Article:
State decides not to prosecute man arrested at Sitka airport

Posted: Sunday, September 16, 2001

SITKA (AP) -- The state decided Friday not prosecute a 58-year-old Washington man who was arrested at the Sitka airport after allegedly threatening an airline worker.

But Alaska Airlines has banned Dr. Bruce Stevenson from its flights for life because of Thursday's incident.

Stevenson apparently became upset about possible delays in retrieving baggage, police said. Lt. John Baeza said Stevenson told the Alaska Airlines ticket agent, ''If I don't get my bag I'm coming back here as an assassin.''

''He said it seriously, with no hint of a smile or that he was joking, and all the witnesses took it very seriously,'' Baeza said.

Sitka Police Chief Bill McLendon criticized the state's refusal to take the Woodinville, Wash., medical doctor to court.

''The decision reeks of favoritism and documents a steady history of political maneuvering and ineptness in handling cases,'' McLendon said Friday, ''To say we have no confidence in (prosecutors') abilities would be a gross understatement.''

Earlier Friday, Assistant District Attorney Corinne Vorenkamp told the Daily Sentinel in Sitka that the state did not have enough evidence for a criminal prosecution against Stevenson, a doctor at the prestigious Virginia Mason Hospital in Seattle.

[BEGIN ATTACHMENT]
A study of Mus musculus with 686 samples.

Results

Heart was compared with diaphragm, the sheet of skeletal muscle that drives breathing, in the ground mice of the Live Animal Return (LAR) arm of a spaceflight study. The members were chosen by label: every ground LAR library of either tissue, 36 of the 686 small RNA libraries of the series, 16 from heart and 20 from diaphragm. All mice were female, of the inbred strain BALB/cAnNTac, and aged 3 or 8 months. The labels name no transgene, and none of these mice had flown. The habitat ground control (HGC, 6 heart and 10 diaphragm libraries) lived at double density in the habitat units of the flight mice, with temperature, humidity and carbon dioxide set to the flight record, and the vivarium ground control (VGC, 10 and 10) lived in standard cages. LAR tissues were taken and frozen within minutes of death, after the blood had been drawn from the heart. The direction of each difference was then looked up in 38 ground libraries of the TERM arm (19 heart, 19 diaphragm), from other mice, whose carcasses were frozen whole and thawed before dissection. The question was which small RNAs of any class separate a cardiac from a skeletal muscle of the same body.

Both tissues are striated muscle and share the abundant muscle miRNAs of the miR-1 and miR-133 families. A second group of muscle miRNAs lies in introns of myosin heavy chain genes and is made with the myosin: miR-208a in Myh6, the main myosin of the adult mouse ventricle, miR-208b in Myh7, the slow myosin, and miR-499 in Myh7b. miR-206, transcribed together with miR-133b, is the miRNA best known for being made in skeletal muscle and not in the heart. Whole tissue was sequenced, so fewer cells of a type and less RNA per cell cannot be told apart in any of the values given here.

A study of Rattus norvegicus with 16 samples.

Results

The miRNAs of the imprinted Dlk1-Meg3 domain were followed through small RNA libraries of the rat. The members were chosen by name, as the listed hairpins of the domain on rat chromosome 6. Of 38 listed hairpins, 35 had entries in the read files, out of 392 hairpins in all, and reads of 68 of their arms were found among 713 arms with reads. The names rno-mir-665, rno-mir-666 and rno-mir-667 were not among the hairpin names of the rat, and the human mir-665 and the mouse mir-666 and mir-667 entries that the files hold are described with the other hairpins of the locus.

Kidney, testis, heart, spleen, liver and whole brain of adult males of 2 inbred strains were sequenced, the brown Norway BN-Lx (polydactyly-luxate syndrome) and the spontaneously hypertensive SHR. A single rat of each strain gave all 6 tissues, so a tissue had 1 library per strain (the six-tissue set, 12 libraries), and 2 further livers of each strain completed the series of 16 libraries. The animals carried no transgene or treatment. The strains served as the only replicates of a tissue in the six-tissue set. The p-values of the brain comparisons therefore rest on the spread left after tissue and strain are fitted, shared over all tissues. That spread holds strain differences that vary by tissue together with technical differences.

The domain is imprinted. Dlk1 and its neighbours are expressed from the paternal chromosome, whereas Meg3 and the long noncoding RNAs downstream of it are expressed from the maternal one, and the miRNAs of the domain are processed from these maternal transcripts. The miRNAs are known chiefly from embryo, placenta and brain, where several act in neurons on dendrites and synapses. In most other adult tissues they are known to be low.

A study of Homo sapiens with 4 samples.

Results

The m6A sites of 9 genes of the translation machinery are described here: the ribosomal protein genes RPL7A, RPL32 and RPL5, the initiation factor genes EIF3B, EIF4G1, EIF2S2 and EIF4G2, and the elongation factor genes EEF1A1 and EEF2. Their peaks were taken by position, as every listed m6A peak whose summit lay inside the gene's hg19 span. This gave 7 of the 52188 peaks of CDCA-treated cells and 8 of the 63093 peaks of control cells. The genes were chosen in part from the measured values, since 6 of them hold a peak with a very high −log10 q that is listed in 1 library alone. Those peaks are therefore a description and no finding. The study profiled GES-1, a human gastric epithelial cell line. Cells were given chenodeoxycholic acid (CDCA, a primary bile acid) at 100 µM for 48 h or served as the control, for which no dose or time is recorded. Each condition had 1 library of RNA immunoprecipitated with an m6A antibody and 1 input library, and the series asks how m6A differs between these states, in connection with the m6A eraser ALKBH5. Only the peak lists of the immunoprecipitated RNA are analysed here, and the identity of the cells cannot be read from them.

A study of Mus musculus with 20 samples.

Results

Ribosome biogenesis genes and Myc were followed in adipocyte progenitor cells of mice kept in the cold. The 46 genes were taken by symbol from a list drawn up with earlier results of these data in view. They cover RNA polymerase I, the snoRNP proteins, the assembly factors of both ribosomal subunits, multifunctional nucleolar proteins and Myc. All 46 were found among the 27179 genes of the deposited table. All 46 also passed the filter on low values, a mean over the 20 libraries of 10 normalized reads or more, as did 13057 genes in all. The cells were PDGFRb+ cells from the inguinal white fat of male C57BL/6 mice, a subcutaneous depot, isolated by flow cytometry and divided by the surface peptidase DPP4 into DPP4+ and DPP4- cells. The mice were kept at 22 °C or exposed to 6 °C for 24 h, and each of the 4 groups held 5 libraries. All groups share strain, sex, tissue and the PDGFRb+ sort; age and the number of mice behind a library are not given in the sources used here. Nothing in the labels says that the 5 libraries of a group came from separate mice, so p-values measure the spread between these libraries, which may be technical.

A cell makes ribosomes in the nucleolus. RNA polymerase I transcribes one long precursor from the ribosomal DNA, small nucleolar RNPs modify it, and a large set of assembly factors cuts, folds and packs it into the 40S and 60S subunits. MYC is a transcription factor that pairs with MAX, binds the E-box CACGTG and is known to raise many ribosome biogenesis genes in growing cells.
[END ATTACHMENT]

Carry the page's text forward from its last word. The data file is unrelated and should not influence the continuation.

''While there's certainly no accounting for the exceedingly poor taste and bad judgment of essentially ignoring a national tragedy, the state has decided to not file a complaint,'' Vorenkamp said.

Responding to a call from the airport Thursday afternoon, Sitka police arrested Stevenson on a felony charge of terroristic threatening and a misdemeanor charge of fourth-degree assault.

Stevenson was held overnight in the Sitka jail without bail, and was released Friday after the charges were dropped.

In Anchorage, Assistant U.S. Attorney Stephan Collins said the federal government does not have jurisdiction in the case.

''The threat wasn't made by telephone or by wire, and it wasn't made in the air,'' Collins said. ''If the plane were in the air at the time, we'd have jurisdiction -- maritime, or territorial -- but on the ground, in the airport, to a ticket agent, from what details I understand about this case we don't have jurisdiction. That would be up to the state.''

Vorenkamp said that to be prosecuted for terroristic threatening under state law, a person would have to ''knowingly make a false report that a circumstance dangerous to human life exists or is about to exist.''

''What Mr. Stevenson said certainly was insensitive to the fears of the person to whom he said it, and it's appalling in light of the national tragedy that happened this week,'' she said, ''but under state law it is not a crime.''

However, Stevenson will never be allowed onboard an Alaska Airlines flight again, company spokesman Greg Witter said from the airline's Seattle headquarters.

''We have a zero-tolerance policy for anyone who tries to abuse or threaten our employees in any way, shape or manner,'' he said.